How to create a homework corner for kids
Unfortunately, not everyone has a study room for the kids to work in. That said, that doesn’t mean it’s acceptable for your children to be doing their homework in front of the living room TV either. To work successfully they need minimal distractions, and for minimal distractions, they need a designated homework corner.
Putting together an area like this does require a bit of foresight and effort. There’re a few things to remember, and they’re listed here for you below.
When setting up the corner, try to make sure it’s not a literal tiny corner. When your kid needs help with their homework, it’s important that there’s enough room for you both sit down and tackle all the conundrums together. That means a desk two people can lean on, and room for two chairs. After all, it’s been suggested that UK parents spend the least amount of time helping their kids compared to other countries, so ensure there’s room for you or your partner at the table too!
It’s best to choose the biggest room for this arrangement too. If your living room is frequently where chaos and anarchy are found, perhaps areas like the kitchen or dining room could be better suited. They’re probably used sparingly unless someone is eating or preparing a meal, so there’ll likely be less noise. If there’s room in your kids bedroom for a little desk, that’s definitely the best place for quiet and focus!
Your kids can’t study if they can’t see. Additionally, if the available lighting is poorly arranged, your kids will find that shadows are being cast all over their books, impairing their version somewhat still. Therefore, once their little desk or table is set up, place a table lamp atop it to light everything on the desk up to an appropriate level.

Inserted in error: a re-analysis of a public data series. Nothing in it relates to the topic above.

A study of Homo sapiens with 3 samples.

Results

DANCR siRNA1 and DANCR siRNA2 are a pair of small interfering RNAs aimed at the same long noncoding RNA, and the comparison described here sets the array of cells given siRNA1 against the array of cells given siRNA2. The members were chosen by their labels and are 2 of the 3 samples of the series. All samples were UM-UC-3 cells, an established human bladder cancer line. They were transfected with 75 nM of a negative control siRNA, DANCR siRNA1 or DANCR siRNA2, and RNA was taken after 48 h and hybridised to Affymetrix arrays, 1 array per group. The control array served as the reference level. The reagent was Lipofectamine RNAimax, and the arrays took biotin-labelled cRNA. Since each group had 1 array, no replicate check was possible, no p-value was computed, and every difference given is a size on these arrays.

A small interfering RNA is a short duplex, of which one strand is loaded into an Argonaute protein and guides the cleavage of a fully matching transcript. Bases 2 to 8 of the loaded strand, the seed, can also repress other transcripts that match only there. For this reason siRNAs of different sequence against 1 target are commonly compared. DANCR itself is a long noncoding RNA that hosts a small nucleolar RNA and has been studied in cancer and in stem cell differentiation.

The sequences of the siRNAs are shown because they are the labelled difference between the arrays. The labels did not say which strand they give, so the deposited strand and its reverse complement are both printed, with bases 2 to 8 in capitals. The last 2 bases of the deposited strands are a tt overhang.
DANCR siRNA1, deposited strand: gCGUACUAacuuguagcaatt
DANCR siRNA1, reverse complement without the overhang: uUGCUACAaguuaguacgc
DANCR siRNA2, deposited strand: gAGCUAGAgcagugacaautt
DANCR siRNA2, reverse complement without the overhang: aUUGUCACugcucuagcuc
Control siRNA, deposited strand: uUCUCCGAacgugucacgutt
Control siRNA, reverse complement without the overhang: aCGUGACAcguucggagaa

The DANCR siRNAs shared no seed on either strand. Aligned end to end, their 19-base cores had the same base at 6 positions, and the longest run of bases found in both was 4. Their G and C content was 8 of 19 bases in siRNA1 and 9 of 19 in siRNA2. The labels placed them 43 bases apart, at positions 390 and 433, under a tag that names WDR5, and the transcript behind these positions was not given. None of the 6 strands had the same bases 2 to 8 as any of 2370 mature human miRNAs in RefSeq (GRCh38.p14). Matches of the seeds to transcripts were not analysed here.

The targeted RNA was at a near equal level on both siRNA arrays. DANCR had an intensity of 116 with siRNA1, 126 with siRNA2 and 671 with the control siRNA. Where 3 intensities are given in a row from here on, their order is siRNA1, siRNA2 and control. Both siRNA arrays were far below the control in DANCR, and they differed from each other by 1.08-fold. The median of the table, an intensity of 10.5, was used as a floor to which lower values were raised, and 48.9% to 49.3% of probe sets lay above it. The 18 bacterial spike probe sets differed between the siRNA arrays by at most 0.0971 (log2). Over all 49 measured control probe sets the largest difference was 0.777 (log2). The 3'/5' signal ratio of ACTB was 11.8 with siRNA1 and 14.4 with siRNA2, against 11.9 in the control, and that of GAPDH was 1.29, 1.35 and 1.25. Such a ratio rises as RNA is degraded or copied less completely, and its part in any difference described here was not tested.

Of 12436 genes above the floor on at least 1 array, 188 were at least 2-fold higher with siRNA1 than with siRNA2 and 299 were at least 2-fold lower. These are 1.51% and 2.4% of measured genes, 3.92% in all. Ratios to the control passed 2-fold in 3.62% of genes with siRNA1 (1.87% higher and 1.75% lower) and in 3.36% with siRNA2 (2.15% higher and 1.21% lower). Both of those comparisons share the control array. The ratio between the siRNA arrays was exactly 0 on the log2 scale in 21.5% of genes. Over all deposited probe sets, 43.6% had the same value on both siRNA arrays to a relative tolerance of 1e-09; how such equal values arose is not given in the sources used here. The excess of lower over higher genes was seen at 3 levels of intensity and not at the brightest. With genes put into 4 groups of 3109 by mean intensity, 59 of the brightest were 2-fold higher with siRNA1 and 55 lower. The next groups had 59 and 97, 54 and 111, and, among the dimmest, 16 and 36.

This way, your kids will have a much easier time when the area around them is well-lit. If dark winter evenings start to occur, then it won’t impede their studies and there’ll be no unfinished work. Furthermore, if you see that their lamp is on, you know that they’re working and are not to be disturbed unless they ask for your help. Do some research to find what works for you and your homework corner, and you’ll improve things greatly.
You should also swap out any clutter for essential items only, such as; a computer or laptop, staplers, pen pots, rulers, calendars, clocks, paper trays and printers, for example. Everything present should have a purpose and a use that’s relevant to study, so if you see any mobile phones or other distracting items lying about, put them elsewhere. Homework corner is about homework!
Be sure to give your kids back all their toys and/or phones when they’re finished. Once they’re deprived of their distractions, this can be a motivating factor for them to get on with their work, finish quickly, and have time enough left for play or texting. Every item has an effect on streamlining the focus on the work, so keep that in mind when putting it all together.